You, neighbor god, if sometimes in the night
I rouse you with loud knocking, I do so
only because I seldom hear you breathe
and know: you are alone.
And should you need a drink, no one is there
to reach it to you, groping in the dark.
Always I hearken. Give but a small sign.
I am quite near.
Between us there is but a narrow wall,
and by sheer chance; for it would take
merely a call from your lips or from mine
to break it down,
and that without a sound.
The wall is builded of your images.
They stand before you hiding you like names.
And when the light within me blazes high
that in my inmost soul I know you by,
the radiance is squandered on their frames.
And then my senses, which too soon grow lame,
exiled from you, must go their homeless ways.
— Rainer Maria Rilke, Poems from the Book of Hours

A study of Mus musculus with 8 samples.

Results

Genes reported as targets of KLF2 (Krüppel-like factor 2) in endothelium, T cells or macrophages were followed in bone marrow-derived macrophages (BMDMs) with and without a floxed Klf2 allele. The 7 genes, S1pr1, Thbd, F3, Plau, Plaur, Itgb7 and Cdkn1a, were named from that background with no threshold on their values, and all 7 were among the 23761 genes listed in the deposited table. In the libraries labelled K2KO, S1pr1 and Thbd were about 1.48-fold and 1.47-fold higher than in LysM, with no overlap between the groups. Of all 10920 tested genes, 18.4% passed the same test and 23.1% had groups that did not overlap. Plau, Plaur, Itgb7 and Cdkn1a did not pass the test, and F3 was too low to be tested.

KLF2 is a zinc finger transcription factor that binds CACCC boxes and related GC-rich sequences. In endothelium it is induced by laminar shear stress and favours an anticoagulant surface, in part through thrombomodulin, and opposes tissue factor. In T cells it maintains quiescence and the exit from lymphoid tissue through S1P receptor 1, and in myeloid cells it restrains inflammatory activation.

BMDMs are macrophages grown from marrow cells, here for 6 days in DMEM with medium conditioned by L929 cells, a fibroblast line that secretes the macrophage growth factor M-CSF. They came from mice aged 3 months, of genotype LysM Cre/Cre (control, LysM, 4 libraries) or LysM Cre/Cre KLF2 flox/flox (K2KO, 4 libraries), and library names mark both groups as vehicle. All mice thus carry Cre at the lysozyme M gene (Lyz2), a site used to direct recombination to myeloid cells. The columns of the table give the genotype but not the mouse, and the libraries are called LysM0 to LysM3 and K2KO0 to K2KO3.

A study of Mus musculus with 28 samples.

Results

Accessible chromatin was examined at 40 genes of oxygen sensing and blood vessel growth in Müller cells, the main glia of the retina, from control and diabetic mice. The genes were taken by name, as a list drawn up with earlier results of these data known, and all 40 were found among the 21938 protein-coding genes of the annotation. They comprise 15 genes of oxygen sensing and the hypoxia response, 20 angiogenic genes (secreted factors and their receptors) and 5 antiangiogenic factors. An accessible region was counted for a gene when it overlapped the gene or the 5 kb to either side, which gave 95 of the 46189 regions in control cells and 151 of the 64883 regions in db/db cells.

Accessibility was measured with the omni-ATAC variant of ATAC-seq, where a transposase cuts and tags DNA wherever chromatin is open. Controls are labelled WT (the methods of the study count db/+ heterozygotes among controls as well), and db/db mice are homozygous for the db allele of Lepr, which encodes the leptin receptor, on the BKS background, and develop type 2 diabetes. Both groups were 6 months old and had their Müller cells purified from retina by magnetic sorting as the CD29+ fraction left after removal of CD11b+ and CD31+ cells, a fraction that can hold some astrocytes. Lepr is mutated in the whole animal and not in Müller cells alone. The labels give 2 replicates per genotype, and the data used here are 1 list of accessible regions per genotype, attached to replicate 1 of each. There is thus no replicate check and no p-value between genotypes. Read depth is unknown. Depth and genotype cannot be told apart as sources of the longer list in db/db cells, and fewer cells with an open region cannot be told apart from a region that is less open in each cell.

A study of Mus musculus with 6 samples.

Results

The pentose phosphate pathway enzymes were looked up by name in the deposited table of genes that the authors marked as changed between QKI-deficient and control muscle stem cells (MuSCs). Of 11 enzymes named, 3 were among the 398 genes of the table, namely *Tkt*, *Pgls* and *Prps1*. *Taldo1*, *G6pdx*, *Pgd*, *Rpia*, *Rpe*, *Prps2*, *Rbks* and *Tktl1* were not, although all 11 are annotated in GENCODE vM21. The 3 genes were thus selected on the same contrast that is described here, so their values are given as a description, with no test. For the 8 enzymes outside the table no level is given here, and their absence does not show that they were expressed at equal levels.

Several years ago when my younger brother died from liver failure at 49 after suffering for years waiting for a transplant, I discovered this translation of Rilke’s poem as I gathered with my elderly parents in our hotel room after leaving my brother’s bedside in the ICU. There are no words to adequately describe the absolute connection with Rilke I felt in that moment reading this passage. I felt in that moment the images of his poem juxtaposed against the images in my mind of my brother’s suffering during the days before fighting for his life in a septic coma. I will always adore this poem for crystallizing a moment in time that though deeply disturbing offered a glimpse for me into the heart of God’s suffering and an intimacy that binds us inextricably to Him as living creatures.